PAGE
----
In a decision that has troubled faith leaders, the U.S. Supreme Court ruled Monday that, based on the Civil Rights Act of 1964, employers may not discriminate against employees because of sexual orientation or gender identity. One surprising aspect of the ruling was that Trump appointee Neil M. Gorsuch sided with the court’s liberal justices.
“Today, we must decide whether an employer can fire someone simply for being homosexual or transgender,” said Gorsuch, writing for the majority. “The answer is clear. An employer who fires an individual for being homosexual or transgender fires that person for traits or actions it would not have questioned in members of a different sex. Sex plays a necessary and undisguisable role in the decision, exactly what Title VII forbids.”
What Does the Civil Rights Act of 1964 Mean Today?
The Supreme Court examined several lawsuits against Title VII of the Civil Rights Act of 1964, which banned workplace discrimination on the basis of “race, color, religion, sex, or national origin.” One of the main questions the court had to answer was whether the meaning of the word “sex” in the statute encompassed not only biological sex but also a person’s sexual orientation and gender identity.
The court decided that it did. In addition to Justice Gorsuch, the 6-3 majority included Justices Elena Kagan, Ruth Bader Ginsburg, Sonia Sotomayor, Stephen G. Breyer, and Chief Justice John G. Roberts, Jr. Dissenting were Justices Clarence Thomas, Samuel A. Alito, Jr., and Brett M. Kavanaugh.
The justices considered several cases, two involving gay men who claimed they were fired because of their sexual oriention and one involving a woman who was fired after coming out as transgender. In his opinion for the majority, Gorsuch observed that the employers in question did not deny that sexual orientation and gender identity were their reasons for firing the plaintiffs, and he went on to say, “An individual’s homosexuality or transgender status is not relevant to employment decisions. That’s because it is impossible to discriminate against a person for being homosexual or transgender without discriminating against that individual based on sex.”
In a dissenting opinion, Justice Alito called the ruling “deceptive” and said, “There is only one word for what the Court has done today: legislation…A more brazen abuse of our authority to interpret statutes is hard to recall. The Court tries to convince readers that it is merely enforcing the terms of the statute, but that is preposterous.”
The court could not possibly be merely enforcing the Civil Rights Act of 1964, said Alito, because when the word “sex” was used in 1964, people did not understand it to encompass sexual identity or orientation. “Even as understood today,” he said, “the concept of discrimination because of ‘sex’ is different from discrimination because of ‘sexual orientation’ or ‘gender identity.’” The justice argued that if the country’s leaders want to protect gay and transgender rights, they should pass a new law, not reinterpret an existing one.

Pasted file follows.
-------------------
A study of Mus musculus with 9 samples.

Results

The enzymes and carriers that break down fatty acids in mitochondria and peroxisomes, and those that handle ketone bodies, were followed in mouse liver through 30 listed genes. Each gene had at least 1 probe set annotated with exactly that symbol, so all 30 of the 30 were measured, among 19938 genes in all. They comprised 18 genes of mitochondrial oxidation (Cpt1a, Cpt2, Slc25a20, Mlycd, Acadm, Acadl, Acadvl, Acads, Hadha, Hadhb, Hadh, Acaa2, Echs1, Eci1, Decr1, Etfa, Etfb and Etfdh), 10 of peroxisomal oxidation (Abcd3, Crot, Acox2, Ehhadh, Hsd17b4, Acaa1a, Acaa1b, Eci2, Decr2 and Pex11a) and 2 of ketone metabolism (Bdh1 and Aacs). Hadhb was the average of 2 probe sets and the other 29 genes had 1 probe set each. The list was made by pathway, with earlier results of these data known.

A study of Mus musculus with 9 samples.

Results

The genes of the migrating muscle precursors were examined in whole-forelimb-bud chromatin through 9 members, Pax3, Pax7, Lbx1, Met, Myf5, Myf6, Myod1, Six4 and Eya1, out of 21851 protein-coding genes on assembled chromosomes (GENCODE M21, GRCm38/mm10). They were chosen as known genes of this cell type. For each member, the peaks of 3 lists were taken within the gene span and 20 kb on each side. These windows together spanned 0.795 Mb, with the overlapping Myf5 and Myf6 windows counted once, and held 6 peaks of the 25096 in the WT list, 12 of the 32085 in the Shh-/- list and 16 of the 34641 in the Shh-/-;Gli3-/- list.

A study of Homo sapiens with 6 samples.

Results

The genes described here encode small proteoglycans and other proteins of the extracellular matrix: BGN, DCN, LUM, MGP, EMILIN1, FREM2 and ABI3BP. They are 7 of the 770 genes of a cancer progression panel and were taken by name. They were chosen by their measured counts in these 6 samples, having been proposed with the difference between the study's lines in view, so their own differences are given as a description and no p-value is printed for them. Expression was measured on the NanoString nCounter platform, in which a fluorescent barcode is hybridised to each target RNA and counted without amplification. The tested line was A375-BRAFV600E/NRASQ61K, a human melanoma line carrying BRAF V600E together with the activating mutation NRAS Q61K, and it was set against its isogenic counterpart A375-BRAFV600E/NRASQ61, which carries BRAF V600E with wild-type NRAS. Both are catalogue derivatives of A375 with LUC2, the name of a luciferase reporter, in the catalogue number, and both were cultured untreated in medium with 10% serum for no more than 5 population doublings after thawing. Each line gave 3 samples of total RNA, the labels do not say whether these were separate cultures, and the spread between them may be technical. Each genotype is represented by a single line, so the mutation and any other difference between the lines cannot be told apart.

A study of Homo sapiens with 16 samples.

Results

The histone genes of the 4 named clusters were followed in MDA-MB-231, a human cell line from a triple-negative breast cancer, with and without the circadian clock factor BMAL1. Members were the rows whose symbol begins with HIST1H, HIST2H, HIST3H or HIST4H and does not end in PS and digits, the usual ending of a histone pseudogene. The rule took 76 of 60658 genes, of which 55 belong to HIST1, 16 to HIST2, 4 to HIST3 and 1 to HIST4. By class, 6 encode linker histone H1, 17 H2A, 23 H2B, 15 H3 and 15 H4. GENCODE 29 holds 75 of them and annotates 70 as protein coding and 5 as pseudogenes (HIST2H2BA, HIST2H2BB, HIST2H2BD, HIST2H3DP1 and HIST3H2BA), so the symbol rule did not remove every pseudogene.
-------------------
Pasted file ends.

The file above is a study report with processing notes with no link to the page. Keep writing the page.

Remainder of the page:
Alito also questioned how the ruling would impact religious freedom, noting, “Briefs filed by a wide range of religious groups—Christian, Jewish, and Muslim—express deep concern that the position now adopted by the Court ‘will trigger open conflict with faith-based employment practices of numerous churches, synagogues, mosques, and other religious institutions.’” While the justice acknowledged that Title VII provides some protection for religious rights, he added, “the scope of these provisions is disputed, and as interpreted by some lower courts, they provide only narrow protection.”
Gorsuch did address worries about religious rights, writing in his opinion, “We are also deeply concerned with preserving the promise of the free exercise of religion enshrined in our Constitution; that guarantee lies at the heart of our pluralistic society.” He went on to list various ways Congress has sought to protect religious freedoms, but concluded, “How these doctrines protecting religious liberty interact with Title VII are questions for future cases.”
Faith leaders have already expressed the same concerns voiced by Justice Alito. Dr. Russell Moore, president of the Ethics and Religious Liberty Commission of the Southern Baptist Convention, said the ruling had “seismic implications for religious liberty.” Moore believes there will be “potentially years of lawsuits and court struggles, about what this means, for example, for religious organizations with religious convictions about the meaning of sex and sexuality.”
The court’s reinterpretation of the word “sex” for a modern context also has drastic consequences, in Moore’s view. He believes the result will be that future lawmakers “actually won’t know what they are voting to pass, because words might change cultural meaning dramatically between the time of passage and some future court case.”
Samaritan’s Purse president Franklin Graham weighed in on the court’s ruling as well, saying, “I believe this decision erodes religious freedoms across this country. People of sincere faith who stand on God’s Word as their foundation for life should never be forced by the government to compromise their religious beliefs.”
Graham added, “Christian organizations should never be forced to hire people who do not align with their biblical beliefs and should not be prevented from terminating a person whose lifestyle and beliefs undermine the ministry’s purpose and goals.”